Emails Of The Day

A reader writes:

From early 2006 to late 2009, I was a part of the post-9/11 corporate-security state serving as an intelligence analyst. This is not a fact in which I take much pride. When the Abu Ghraib scandal became augmented with the information that CACI contractors were involved – CACI being known where I’m from primarily as a tech services contractor – I started to question the incentives and structure of the intelligence contracting field in which I’d become enmeshed.

Over those years I followed the torture and spying revelations closely and I took the same position then that I do now: this is plainly illegal, immoral, and the result of caustic fear, overreaction, and hysteria. Though I was not involved with anything remotely connected to torture, one of the best days of my life was the last time I walked out of that office.

I’m attaching an image that’s been making the rounds on my Facebook feed and receiving aTortureTerrorists sobering amount of likes. The reason I’m sending it along is because the people posting it are my former coworkers, people who, as far as I know, are still involved in intelligence analysis work either through some contracting company or for the government directly.

It’s important to understand how, at least where I worked, the atmosphere was one of an assumed political stance – that 9/11 was an existential threat and perhaps the greatest faced ever in the country’s history, and that we were involved in this apocalyptic battle as foot soldiers. The views of many of my coworkers at the time were, to my mind, rather extreme.

I can see now that this hasn’t changed for many of them, despite all the evidence put forth this week. Yet unlike the rest of the American public, these are people doing the work for the government. They are the people down in the trenches, generating analysis and reports. They work for companies under contracts whose primary incentive is to get bigger, longer, more expensive contracts, and one way to do this is to constantly remind people how terrified we should all be.

And here’s the kicker: many of them came into this kind of work directly out of college and were paid pretty well for it. Their entire adult lives have been based on this type of work. They’ve known nothing else. One can’t expect that such a situation wouldn’t have an effect on their political views. A subset of an entire generation has been profoundly affected in ways we don’t discuss enough. To get a full understanding of this period of torture, surveillance, and bungled wars, one must consider the contracting aspect of it and the people for whom such work created the prosperous upper-middle class life that many Americans have come to expect but which fewer and fewer can achieve.

Another insider perspective:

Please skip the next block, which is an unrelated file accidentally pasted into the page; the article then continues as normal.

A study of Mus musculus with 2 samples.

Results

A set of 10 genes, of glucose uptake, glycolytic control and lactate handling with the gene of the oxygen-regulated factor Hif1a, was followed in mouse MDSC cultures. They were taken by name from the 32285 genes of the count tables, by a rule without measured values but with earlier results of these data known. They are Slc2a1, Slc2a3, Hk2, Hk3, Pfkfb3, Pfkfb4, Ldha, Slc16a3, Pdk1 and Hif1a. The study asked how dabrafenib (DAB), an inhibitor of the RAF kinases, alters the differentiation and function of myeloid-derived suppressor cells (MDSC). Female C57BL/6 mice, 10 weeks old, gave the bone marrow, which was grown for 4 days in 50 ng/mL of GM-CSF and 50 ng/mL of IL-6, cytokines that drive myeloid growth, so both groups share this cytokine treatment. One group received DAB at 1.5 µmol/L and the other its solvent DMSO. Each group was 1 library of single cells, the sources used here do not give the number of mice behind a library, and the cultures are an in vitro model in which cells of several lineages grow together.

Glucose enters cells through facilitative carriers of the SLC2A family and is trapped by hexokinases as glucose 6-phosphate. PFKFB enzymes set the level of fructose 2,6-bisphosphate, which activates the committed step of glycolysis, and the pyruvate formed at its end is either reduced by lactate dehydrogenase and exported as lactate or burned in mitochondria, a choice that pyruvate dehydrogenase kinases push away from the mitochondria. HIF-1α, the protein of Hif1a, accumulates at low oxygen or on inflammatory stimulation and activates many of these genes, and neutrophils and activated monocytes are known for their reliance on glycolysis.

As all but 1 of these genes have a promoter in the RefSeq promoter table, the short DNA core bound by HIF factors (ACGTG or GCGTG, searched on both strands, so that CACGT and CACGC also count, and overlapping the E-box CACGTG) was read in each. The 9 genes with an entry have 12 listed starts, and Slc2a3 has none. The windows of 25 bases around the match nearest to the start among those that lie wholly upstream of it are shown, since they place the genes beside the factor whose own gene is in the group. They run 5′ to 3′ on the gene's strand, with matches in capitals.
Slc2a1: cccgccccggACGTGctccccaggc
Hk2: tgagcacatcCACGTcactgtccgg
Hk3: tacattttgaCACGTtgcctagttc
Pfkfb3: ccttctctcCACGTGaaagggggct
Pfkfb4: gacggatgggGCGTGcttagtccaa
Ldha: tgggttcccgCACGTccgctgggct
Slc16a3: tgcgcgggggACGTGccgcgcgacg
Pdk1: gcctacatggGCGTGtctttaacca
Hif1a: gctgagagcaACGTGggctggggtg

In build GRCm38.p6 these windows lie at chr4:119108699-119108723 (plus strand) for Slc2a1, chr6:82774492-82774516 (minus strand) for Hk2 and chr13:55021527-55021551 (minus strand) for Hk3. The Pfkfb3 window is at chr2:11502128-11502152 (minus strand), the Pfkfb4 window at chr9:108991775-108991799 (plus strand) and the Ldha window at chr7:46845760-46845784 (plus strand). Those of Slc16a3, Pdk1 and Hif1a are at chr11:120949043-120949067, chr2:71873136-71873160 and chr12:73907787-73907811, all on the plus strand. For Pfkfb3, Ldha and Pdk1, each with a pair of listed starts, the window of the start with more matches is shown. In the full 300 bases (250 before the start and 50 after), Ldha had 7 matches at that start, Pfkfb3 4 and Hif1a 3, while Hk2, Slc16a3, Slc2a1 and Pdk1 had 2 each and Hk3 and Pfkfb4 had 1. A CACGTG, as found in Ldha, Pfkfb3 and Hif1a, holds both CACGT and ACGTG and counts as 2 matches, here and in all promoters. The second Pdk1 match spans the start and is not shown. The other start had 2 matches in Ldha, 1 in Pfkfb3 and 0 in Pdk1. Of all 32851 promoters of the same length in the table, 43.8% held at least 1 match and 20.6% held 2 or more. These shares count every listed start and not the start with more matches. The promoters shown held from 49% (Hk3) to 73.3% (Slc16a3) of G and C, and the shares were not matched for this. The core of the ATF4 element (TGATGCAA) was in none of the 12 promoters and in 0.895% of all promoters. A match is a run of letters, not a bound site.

In my personal assessment, the reason Brennan and Obama have fought this report is to protect the promise of legal protection for lawful actions upon which every employee depends. I believe my assessment has some value, as I work at the CIA.

I can tell you that the recently-remodeled exercise facility OHB is closed for cleaning from 10 to 11.   I can tell you that the Dunkin’ Donuts is more popular than the Starbucks.  I can tell you that for weeks after the portrait of Tenet was unveiled, his ashtray and cigar were left untouched.

What I cannot tell you about is the torture program, because I do not know anything more about this program than an other American.  And by revealing this information I reveal little of my identity because this characteristic of me is shared by the vast majority of the “blue badged” and “green badged” individuals who work here.

The CIA is composed of four directorates, which each consists of many offices, divisions, and branches.  The people who work here all do very different things. This includes everything from keeping worldwide, secure, communication-systems working, to digging through old copies of Iranian technical journals, to developing tiny chemical sensors, to writing hundreds of briefings for policy makers.  The opinions of those I work with regarding the torture program probably reflect that of the general American public.  Many, like me, are horrified.  Many think folks got what they had coming.

What everyone does understand, though, is the fundamental importance of legal protection. They have been assured that if they, in good faith, seek and receive legal guidance from the Inspector General that what they are doing is legal, they can rest assured that they will not be help responsible even if this legal ruling is incorrect.

Call this the Nuremberg defense if one wishes. However, it is the same legal protection that military snipers rely upon when they squeeze the trigger.  And a key aspect of this protection is the protection of identity. A person legally authorized to do things is protected from the vengeance of those who might not agree.

My assessment is that upholding this promise to leave no man on the battlefield is so crucial to the bond of trust upon which all those who have sworn an oath to the government that it is worth fighting for.